Monday, April 12, 2021

Power reserve, in plain English

"Yesterday, Rolex has released a few more models with the new "72 hours power reserve movement". Why is this such a big news when Panerai, JLC, Omega, and IWC already offer 8 days going mechanical watches?"

This is a very good question. Before we go further: add to that list Seiko Prospex models with 6R35 movements with 70 hours power reserve which could be had for just $799. In other words, 70 hours power reserve itself is not a big deal. However, like with anything in physics, larger power reserve always come with some kind of unwanted trade-off.

Power reserve is simply an amount of energy on disposal to run a system. Here is an example: in theory, a small car battery (60Ah)would power up a 50 Watts LED light for 12 hours. Put two car batteries in parallel, and you'll get 24 hours of light.

In watches, the energy to run the watch is stored in the mainspring. There are number of 'consuming devices' in the system, but one of them, directly responsible for timekeeping, is the balance wheel (oscillator). More mainsprings (barrels) is one way to provide more energy, but this solution comes at the cost of increased watch size (both diameter and thickness).

The other solution is to lower the consumption and increase the efficiency of the oscillator.

There are two 'powers' in the balance wheel system. The first one is the balance power, which is the amount of power presented in the oscillator, calculated as a product of balance inertia, amplitude squared and frequency cubed. For the Rolex calibre 3135, the balance power is 372 micro Watts. The second power is the oscillator maintaining power - the power required to keep the oscillator running. Again, for the Rolex 3135 that is 1.24 micro Watts. Fine tuning the ratio between the two is an engineering challenge because extending the power reserve by reducing the energy consumption of the balance wheel will come with a trade-off: degraded performance and poor timekeeping.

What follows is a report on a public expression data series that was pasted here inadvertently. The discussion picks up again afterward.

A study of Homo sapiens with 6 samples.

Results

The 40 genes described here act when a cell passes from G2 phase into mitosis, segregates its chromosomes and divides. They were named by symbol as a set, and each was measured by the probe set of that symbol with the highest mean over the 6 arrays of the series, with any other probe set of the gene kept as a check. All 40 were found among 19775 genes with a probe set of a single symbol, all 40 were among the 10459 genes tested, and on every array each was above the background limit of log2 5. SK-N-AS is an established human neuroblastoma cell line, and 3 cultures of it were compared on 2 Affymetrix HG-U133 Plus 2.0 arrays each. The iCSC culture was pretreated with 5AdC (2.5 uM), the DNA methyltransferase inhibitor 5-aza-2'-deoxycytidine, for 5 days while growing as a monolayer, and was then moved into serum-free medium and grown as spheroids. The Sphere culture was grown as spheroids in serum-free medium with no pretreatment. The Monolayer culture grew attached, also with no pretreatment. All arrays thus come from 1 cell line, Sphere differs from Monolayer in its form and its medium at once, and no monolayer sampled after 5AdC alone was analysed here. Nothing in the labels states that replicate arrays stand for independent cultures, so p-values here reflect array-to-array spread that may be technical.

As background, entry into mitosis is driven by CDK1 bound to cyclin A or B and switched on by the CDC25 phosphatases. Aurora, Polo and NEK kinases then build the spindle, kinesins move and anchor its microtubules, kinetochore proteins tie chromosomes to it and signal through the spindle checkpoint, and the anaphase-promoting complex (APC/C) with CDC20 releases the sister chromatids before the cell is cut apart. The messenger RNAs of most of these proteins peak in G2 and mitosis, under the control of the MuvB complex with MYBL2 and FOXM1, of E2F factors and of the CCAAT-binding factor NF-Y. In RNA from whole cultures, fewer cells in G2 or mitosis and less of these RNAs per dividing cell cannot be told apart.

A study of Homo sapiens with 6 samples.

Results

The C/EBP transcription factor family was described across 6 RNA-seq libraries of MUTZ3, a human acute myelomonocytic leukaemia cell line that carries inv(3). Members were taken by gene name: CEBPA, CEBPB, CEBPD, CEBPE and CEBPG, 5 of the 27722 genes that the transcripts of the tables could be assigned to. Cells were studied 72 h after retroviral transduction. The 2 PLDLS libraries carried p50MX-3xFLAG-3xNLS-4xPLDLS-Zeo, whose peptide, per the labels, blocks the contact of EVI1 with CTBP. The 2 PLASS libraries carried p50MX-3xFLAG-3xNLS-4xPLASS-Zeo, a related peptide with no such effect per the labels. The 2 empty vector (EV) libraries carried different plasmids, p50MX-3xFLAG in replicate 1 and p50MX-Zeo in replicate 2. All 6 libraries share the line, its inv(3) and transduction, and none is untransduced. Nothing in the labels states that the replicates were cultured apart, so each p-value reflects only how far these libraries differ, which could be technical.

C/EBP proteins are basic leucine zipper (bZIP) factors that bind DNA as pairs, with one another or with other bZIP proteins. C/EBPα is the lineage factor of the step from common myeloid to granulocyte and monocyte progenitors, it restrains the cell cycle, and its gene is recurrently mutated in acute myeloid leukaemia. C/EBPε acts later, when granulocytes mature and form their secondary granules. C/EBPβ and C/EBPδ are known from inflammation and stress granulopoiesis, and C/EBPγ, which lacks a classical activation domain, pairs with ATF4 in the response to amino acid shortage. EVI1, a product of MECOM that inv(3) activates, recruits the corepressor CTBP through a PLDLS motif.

The simple question is this: what do we really want- more power reserve (watch running longer) , or more power allocated to maintain the performance of the balance wheel, and better accuracy?

For the past few years Swiss watchmakers have been trying hard to increase the power reserve while maintaining good timekeeping. The goal is to reduce consumption by making the balance wheel oscillating system as friction free as possible. Increasing the beat (frequency) is one of the ways forward, but there are number of solutions available: changes in escapement geometry, low friction materials, magnetic bearings - or completely new innovations such as the silicon oscillator by Zenith.

Back to the new Rolex: my understanding is that the 72 hours power reserve is largely result of  improvements to geometry of the standard Swiss lever escapement increasing efficiency by 15%.. Rolex calls it "The Chronergy Escapement". It has been around since 2015, but until recently, it was reserved only for and Day-Date model. However, Omega Calibres 8500 and above already benefit from Daniel's coaxial escapement which is even more energy-transfer efficient. In reality, Rolex is once again simply catching up with Omega.